When our kids grow up, what kinds of readers will they be? I don't have any little snot-dispensers myself, but being a professor in training I'm curious about the next generation's intellectual trends. (Also I know that TQO blog editor Matt Wood has a couple, so to thank for him letting me help out with the blog this year, this one's for him.)
Scholastic, the world's largest publisher and distributor of children's books, is understandably curious as well. With $2 billion in annual revenue at stake, they want to know how kids feel about e-readers, book buying, and the like. They released the results [PDF] of their biennial survey yesterday, which, while comprehensive, are frustrating.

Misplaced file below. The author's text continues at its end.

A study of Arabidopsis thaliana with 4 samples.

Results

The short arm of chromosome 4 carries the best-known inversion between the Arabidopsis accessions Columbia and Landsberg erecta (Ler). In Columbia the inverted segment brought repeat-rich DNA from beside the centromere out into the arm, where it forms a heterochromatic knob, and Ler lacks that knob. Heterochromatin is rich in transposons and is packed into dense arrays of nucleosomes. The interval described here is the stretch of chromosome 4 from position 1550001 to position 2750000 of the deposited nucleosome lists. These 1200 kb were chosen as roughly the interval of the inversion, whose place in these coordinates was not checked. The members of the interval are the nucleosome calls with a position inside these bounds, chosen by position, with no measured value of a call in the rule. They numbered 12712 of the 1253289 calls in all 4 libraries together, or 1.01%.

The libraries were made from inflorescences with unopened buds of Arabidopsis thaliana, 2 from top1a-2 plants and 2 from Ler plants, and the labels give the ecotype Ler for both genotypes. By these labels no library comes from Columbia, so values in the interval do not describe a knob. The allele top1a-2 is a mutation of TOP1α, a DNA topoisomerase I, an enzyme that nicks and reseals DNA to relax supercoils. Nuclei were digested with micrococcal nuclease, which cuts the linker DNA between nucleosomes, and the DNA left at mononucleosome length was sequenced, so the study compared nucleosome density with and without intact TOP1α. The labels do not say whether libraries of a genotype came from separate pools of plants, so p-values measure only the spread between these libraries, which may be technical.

They do put together some interesting data:
- reading for fun peaks at age 6 and then declines steadily thereafter
- 39% of kids 9-17 “totally agree” that “the information I find online is always correct”
- 25% believe that texting counts as reading, whatever that means
But the report is essentially a marketing document, manufacturing an air of crisis (the report is stuffed with words like fear, worry, problem, behind, concerned, and so on) so that worried parents will buy more. Also, while they compile lots of data to support the cliché that kids are more into technology and less into books than their parents, they don't address the gap between what people say they want (like more technology, if you're a kid, or more reading, if you're a parent) and what they actually do.
Most of all, the report doesn't ask the really hard questions – mainly because they focus on fun, not meaning. What I want to know is, do today's kids find meaning in books? Will they grow up to buy enough to keep literary publishers (not just “fun” ones) in business? Will books preserve their aura of intellectual and emotional depth, or will some new brand find a way to do it better?